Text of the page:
The singer-songwriter opens up about her dreamy new single, Thinking About Her


Ellie Grace’s Thinking About Her is a slice of shimmering pop perfection. And not only is it super summery, it’s super queer too. We caught up with the London-based artist to find out more about the real life love story behind the song.

DIVA: Thinking About Her is gorgeous. What was the inspiration behind it?

ELLIE GRACE: I feel like it’s so easy to write songs about when love goes wrong and when you’re hurt and angry, and it often feels so difficult to put the beautiful moments into words without it seeming cliche. With this song, I wanted to capture those exciting, early days of a relationship in a way that sounds how I felt when I was falling for my partner.

That’s so sweet. How did you and your fiancée meet?

It’s so crazy calling her my fiancée now, but we actually met at London Pride! I went into this grotty pub in Soho literally to use the bathroom, and there she was sitting by the window, acting like a complete idiot with her friends… I kind of gravitated towards them and the rest is history.

What does she think of the song?

She really loves the song. She loves getting to show off to everyone that it’s about her, but it’s also the kind of music she vibes to, so that’s really cool. Most of her family cried when they heard it. 

How would she describe you in five words?

Creative, excitable, fearless, honest and she’d probably throw in something like “beautiful” because she’s the sweetest. 

How would you describe her in five words?

Pure-hearted, hilarious, passionate, adventurous, divine.

What was your coming out journey like?

I’d say I had a pretty easy ride. I was living my life in London for the few years leading up to it, and never felt the need to actively come out to people. All my friends there just knew me for who I was and it was never a big deal. Then I spent a summer at home and realised that, actually, the people closest to me had no idea. I started dropping hints and talking more openly about what I was up to, but I think it was kind of brushed under the carpet. Then I met Monique, so I had to make an official statement. Most people weren’t overly surprised and didn’t really care either way. I had one close family member have a bit of a difficult time accepting it and that was rough for a short while, but then that person fell in love with Monique too and then understood that nothing had actually changed. I feel really lucky that I had it so easy because I know most people don’t. 

What are your thoughts on LGBTQI artists in the music industry?

This is going to sound so bias, but I genuinely think LGBTQI+ artists have such an amazing sound. There just seems to be something so cool about their work and so much confidence in what they say. I can’t get enough of artists like Fletcher, King Princess, Girl In Red, Lauren Sanderson, Hayley Kiyoko, L Devine, Halsey… pretty much all the staples, but there are so many more. I say my taste in music is “gay girl music”. It can be so chaotic and sensual at the same time, I love it.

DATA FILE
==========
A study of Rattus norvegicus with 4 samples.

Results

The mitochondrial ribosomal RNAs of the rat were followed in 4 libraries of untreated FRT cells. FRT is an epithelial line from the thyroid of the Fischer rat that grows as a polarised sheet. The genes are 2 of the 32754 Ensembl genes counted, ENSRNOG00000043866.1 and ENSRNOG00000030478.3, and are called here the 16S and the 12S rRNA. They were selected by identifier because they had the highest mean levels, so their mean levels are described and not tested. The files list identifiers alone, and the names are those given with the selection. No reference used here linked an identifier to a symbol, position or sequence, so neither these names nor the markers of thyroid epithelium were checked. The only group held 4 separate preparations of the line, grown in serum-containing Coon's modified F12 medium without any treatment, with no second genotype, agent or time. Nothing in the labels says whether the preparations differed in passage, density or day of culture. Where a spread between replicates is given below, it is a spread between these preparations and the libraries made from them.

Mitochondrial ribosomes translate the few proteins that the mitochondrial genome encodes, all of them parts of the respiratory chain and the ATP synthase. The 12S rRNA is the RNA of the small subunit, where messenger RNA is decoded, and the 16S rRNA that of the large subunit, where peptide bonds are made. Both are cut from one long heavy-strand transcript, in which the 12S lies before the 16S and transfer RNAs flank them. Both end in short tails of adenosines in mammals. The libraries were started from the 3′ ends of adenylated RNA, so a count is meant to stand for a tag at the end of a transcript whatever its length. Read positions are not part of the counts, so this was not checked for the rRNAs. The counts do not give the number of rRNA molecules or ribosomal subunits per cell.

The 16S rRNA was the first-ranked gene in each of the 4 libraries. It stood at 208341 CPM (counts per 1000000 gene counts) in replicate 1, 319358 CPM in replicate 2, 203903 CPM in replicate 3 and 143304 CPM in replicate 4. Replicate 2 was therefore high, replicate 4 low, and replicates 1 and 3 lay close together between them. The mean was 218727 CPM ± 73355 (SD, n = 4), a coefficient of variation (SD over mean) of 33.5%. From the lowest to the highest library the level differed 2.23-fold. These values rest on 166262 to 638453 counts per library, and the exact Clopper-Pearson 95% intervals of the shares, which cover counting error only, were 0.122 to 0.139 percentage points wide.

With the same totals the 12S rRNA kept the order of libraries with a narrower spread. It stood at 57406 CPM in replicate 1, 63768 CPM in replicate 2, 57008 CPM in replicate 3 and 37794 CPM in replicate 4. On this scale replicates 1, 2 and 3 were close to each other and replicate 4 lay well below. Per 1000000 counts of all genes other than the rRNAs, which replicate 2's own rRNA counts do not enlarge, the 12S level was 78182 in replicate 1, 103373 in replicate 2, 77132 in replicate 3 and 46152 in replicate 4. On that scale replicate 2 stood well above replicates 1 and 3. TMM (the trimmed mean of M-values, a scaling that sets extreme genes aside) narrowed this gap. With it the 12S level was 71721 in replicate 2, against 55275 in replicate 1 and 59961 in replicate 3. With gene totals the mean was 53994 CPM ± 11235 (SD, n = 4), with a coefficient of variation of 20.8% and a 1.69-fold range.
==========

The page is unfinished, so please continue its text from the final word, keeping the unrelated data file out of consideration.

How important do you think it is to have music that represents queer experiences?

It’s incredibly important to have queer representation in every media form because it’s already opening up people’s hearts and minds to the normality of queer relationships. Music in particular is so special because song writing allows us to paint our experiences in an almost mystical way that taps into people’s emotions that much deeper. Also, it’s essential for young LGBTQI+ people to have their safe space where they feel understood, loved and welcome, and sharing the experience of music gives us all that. 

When did you realise you wanted to be a singer?

Probably around about when I learned to talk! Honestly, I’ve always sung. I started writing songs when I was nine years old. I’ve always had a LOT of feelings, so writing felt like a natural way for me to process things. It’s always been my greatest joy, and then I learned how it felt to share that with the world and I didn’t look back.

What’s your favourite thing about your job?

My favourite thing about being a songwriter is when I release my work and it genuinely becomes someone else’s. Like, when people tell me how much they can relate to a particular song, and at that point, in their head, it’s theirs and it’s about them. That’s so magical, like we’re sharing these different lives through one body of work.

What’s the biggest challenge?

The pressure that comes with social media. I don’t even mean the pressure to look a certain way or compete with other people, just the pressure to show up and consistently live your life digitally, or risk losing your audience. That feels exhausting. 

How have you managed to stay creative during the pandemic?

That’s not been easy. I’ve had surges of not being able to stop writing, then I’ve gone a month without touching the guitar. I’ve just had to be kind to myself and have a bit of patience. I actually wrote an entire LGBTQI fiction novel during the first lockdown! That was super fun. I was at a point where I’d lost a bit of creative flair for songwriting so I tried something new and it’s one of my favourite things I’ve done!

Is there anything else you’d like to tell DIVA readers?

Firstly, keep loving yourselves and being safe. Secondly, if you were kind enough to listen to my latest single, Thinking About Her, I’d love for you to reach out and tell me your thoughts! And finally, watch this space, I have more music coming very soon. 

You can listen to Thinking About Her here

DIVA magazine celebrates 27 years in print in 2021. If you like what we do, then get behind LGBTQI media and keep us going for another generation. Your support is invaluable.